By Eva Potter
It’s a short and very intense season and it’s happening right now. Maple sugaring, the process of making maple syrup, is taking place all over the Northeast and Midwest – weather permitting, that is – and Randy Sprague, owner of Sprague’s Maple Farms in Portville, N.Y., knows a thing or two about making maple syrup.
Sprague began sugaring more than 40 years ago as a hobby after being inspired by visits to the Deschler Farm in Portville while still in high school. Soon, Sprague began tapping a few trees in the driveway.
He said, “It started as a hobby and I never looked back. “
During his college years, he increased production and marketed his syrup locally. The business began to build gradually over the years as he began purchasing property and renting taps from other owners. Eventually, Sprague started attending national food shows and continued to build their marketing base with wife and co-owner, Toni.
“At the same time, we would continue our production base and kept expanding right along on the maple side, until we actually got to the point we decided to do the facility here on Route 305,” he said, about the restaurant that opened in 2001 and is managed by the Spragues’ son, Adam Robinson.
The restaurant is open for breakfast, lunch and dinner Sunday through Thursday, 8 a.m.–8 p.m., and Friday and Saturday, 8 a.m.–9 p.m. Country-style dishes include breakfast items like homemade maple sausage patties, deep fried French toast, Southern-style grits, as well as traditional favorites. As a matter of fact, you can have breakfast all day! Their lunch and dinner menus include their famous roast turkey dinner made with Sprague’s homegrown turkeys, maple Bourbon Street sirloin steak, seafood entrees, sandwiches, maple desserts and more.
The building also houses their maple syrup production facilities, and since Maple Weekends are coming up soon — March 22-23 and 29-30, 10 a.m.–4 p.m. both Saturday and Sunday — it’s a great time to visit Sprague’s Maple Farms. There are always weekend activities during sugaring season, from March and into April, but during Maple Weekends your family can enjoy two special weekends learning how maple syrup is made.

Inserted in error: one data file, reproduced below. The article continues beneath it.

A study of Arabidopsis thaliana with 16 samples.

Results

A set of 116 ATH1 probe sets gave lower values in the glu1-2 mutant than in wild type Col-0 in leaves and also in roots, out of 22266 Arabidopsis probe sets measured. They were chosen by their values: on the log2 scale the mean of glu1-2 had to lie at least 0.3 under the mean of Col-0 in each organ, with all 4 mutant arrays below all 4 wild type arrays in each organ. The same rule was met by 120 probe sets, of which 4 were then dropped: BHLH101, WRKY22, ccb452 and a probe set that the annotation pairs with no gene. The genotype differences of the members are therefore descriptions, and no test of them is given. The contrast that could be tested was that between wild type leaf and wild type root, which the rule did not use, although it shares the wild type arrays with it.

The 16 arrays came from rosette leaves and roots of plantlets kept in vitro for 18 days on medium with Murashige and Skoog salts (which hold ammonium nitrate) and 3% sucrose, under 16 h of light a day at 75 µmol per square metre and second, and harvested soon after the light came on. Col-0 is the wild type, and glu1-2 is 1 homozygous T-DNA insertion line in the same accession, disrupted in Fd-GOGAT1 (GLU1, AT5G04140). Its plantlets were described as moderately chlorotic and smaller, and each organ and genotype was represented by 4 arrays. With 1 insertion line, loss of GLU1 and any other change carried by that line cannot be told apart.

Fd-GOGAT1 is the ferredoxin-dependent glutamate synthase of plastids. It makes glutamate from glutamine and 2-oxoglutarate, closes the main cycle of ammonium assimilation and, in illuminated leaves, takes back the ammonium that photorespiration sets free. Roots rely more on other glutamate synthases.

“We have wagon rides that take you from the restaurant through the woods, that we have tapped and in production, to our sugar house that we have up on the hill that basically demonstrates how maple syrup has been made in the area for at least 200 years. It’s a wood-fired evaporator, open top, so everyone can see the steam and watch it boil and actually see the sugaring off process,” said Sprague. “There we also make our own cinnamon maple cake doughnuts, which are really nice. We do a sugar on snow, also known as jack wax, where you boil syrup down, pour it over ice and it turns into a taffy.”
All these delicacies are free to taste, along with a new product — maple wine — that was rolled out last fall and is featured in the restaurant.
Sprague explained, “We also are featuring our own maple Chardonnay wine you can sample (age 21 and over only). We cooperated with Flickerwood Wineries, and they helped us with a Chardonnay that they produce that used our maple syrup.”
Visitors are always welcome to take independent walking tours using guided signs through the woods during the rest of the year. Spragues also welcomes many bus tours and large groups at the facility all year long.
“For the most part, when we’re not in maple production, we’ll do demonstrations in the main facility here where the big evaporator is,” said Sprague.
The main facility processes sap from Sprague’s 30,000 taps and can handle more than 4,000 gallons of sap per hour, which makes about 80 gallons of syrup, depending on the saps sugar concentration. Their reverse osmosis evaporator removes at least 75 percent of the sap’s water content before the boiling begins, reducing production time and energy.
You can see all this happening through open-frame windows inside the restaurant building, along the long hallway leading to the dining room.
In case you are confused by the grading system, maple syrup is grouped into U.S. Grades — A comes in light, medium and dark; B is darker and has a stronger flavor and holds up well in foods.
Sap runs best with warm days and cold nights, and the predicted warming trend should keep things flowing.
Sprague said, “If we could get 20s during the night and 40s during the day, we’re gold!”
On your next visit, don’t miss the parrots in the hallway and the charming gift shop on the way out.
Visit Sprague’s Maple Farms at 1048 Route 305 in Portville, N.Y., any day of the week. Visit www.spraguesmaplefarms.com or call (716) 933-6637 for more information.